ALPHA KETOGLUTARATE, MALATE, AND CITRATE: CITRIC ACID CYCLE INTERMEDIATES
Alpha-Ketoglutarate, malate, and citrate in Spectrum Needs
These citric acid cycle intermediates are added in order to support mitochondrial energy metabolism. In addition to alpha-Ketoglutarate, these intermediates are provided in the forms of magnesium malate, magnesium citrate, and potassium citrate. Side effects are unexpected.
What is Alpha-ketoglutarate, Malate, and Citrate?
Alpha-Ketoglutarate, malate, and citrate are organic acids that serve as intermediates in the citric acid cycle.
What does ha-ketoglutarate, Malate, and Citrate do?
The citric acid cycle, also known as the tricarboxylic acid (TCA) cycle or the Krebs cycle, is a series of chemical reactions used to release stored energy through the oxidation of carbohydrates, fats, and proteins into carbon dioxide and chemical energy in the form of NADH and ATP. This cycle is fundamental to all aerobic (oxygen-requiring) life, including humans.
What does an Alpha-ketoglutarate, Malate, and Citrate deficiency appear as?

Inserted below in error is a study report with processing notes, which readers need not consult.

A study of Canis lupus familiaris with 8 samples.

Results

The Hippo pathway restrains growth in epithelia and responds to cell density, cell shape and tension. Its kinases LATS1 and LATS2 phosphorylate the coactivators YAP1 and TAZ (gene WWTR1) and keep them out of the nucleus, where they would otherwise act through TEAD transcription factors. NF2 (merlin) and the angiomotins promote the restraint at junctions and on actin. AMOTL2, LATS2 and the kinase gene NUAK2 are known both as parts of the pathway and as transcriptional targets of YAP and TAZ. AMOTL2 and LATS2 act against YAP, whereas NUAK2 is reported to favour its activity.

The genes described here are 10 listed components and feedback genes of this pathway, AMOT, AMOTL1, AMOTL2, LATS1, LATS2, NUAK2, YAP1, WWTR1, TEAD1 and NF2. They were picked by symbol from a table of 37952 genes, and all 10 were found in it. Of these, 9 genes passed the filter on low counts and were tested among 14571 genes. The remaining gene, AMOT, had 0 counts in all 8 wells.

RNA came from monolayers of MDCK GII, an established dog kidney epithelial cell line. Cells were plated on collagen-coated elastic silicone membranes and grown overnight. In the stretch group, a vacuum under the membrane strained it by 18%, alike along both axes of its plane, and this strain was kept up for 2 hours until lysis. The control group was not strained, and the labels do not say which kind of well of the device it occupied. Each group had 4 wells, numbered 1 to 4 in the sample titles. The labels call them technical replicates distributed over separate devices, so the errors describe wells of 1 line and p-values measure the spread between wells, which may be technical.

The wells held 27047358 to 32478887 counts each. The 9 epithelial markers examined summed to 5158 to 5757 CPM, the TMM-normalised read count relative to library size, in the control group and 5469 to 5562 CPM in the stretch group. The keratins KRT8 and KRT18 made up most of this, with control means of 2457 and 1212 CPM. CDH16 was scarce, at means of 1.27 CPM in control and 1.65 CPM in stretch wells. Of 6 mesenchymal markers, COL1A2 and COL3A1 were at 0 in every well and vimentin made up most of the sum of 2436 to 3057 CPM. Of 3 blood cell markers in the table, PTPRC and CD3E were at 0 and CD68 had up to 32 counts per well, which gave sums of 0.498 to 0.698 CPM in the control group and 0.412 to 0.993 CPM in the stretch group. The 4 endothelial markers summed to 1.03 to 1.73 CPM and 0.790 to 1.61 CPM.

Alpha-ketoglutarate, Malate, and Citrate can be synthesized in the body by the citric acid cycle, and are not required in the diet. Deficiency is unknown.
What about Alpha-ketoglutarate, Malate, and Citrate’s use in Autistic Spectrum Disorders (ASD)?
The role of citric acid intermediates in the treatment of ASD has not been studied. Several lines of evidence support the notion that some children with ASD have abnormal mitochondrial metabolism (this topic is reviewed in https://www.ncbi.nlm.nih.gov/pmc/articles/PMC4910649/pdf/cmped-10-2016-043.pdf).
What about Alpha-ketoglutarate, Malate, and Citrate’s use in other conditions?
Alpha-ketoglutarate is sometimes used to boost athletic performance and to help heal wounds. In addition, alpha-Ketoglutarate can reduce levels of ammonia (and excess nitrogen) formed in the brain, muscles and kidneys. Malate and citrate are all frequently provided as part of mineral supplements. Citrate is sometimes used to prevent kidney stones and to alkalize the blood or urine in various conditions.
What are the common and/or important side effects of Alpha-ketoglutarate, Malate, and Citrate?
Side effects are rare at usual doses used in supplementation.
Is there any laboratory testing for an Alpha-ketoglutarate, Malate, and Citrate Deficiency?
Urine organic acid testing can quantify these citric acid intermediates, but this is not likely to be of clinical utility other than in screening for metabolic/mitochondrial disorders.